Monday, November 12, 2012

Following the Thread: Swedish Handweaving..rya front and back

I've been meaning to get back to my blog and keep the Swedish handweaving story going....and I will!  A full post about my visit to the National Museum in Stockholm will be written tomorrow.  In the meantime, out of my many many photos I have from my research and travels, I realized there were more than a few of them that didn't make it into my last post about the Nordic Museum.  So, I decided to post a few of them today from the Nordic Museum's Vav/Weave exhibition.

Rya, or what we call pile or shag weaving, is very popular in Sweden.  Wool and rags are used for the pile to create a lush, warm textile.  What I found fascinating about rya weavings was the contrast between the front and back of the textile.  The front was the rya shag, full of texture and colour and dimension, while the back is like a map to how the cloth was constructed.   The image below is the back of the rya weaving you see above.  It is like a code where what appear to be subtle accents of colour are actually explosions of colour when the textile is viewed from the front (ie. the diagonal orange stripes seen on the rya side).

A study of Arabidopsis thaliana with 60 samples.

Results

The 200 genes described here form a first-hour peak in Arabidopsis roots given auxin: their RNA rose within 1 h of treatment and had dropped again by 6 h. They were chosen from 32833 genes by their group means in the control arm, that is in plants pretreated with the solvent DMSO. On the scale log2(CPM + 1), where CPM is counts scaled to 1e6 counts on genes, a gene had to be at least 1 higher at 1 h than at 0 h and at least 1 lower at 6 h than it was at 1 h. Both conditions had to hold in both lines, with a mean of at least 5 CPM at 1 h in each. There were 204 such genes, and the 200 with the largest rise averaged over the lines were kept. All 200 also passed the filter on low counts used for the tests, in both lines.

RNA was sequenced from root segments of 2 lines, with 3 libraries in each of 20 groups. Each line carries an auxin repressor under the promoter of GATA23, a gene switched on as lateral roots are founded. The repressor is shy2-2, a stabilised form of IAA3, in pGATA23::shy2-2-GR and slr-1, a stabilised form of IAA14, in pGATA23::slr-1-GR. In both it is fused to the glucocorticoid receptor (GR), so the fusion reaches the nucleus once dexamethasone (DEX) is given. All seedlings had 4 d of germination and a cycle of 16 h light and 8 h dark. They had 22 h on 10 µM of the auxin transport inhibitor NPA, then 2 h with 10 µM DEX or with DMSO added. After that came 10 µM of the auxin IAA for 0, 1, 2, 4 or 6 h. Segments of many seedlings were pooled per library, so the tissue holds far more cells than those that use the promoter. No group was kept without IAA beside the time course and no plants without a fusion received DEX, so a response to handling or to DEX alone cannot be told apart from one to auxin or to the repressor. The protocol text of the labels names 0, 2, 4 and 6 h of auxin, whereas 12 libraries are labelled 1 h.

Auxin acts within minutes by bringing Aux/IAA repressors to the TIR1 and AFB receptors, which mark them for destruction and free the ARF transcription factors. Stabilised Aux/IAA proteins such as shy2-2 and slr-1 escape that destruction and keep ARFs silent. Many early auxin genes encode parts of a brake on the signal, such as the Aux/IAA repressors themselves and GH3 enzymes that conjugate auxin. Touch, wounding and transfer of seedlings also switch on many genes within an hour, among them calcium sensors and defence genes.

This rya textile in white and red was one of my favourites in the Vav/Weave exhibit.  I liked the simplicity of the colours and the almost-but-not-quite orderly arrangement of the red spots.  Below is the back of the textile where the red rya pattern becomes a series of horizontal dashes.

Both of the these textiles are examples of contemporary handweaving in Sweden influenced by traditional techniques.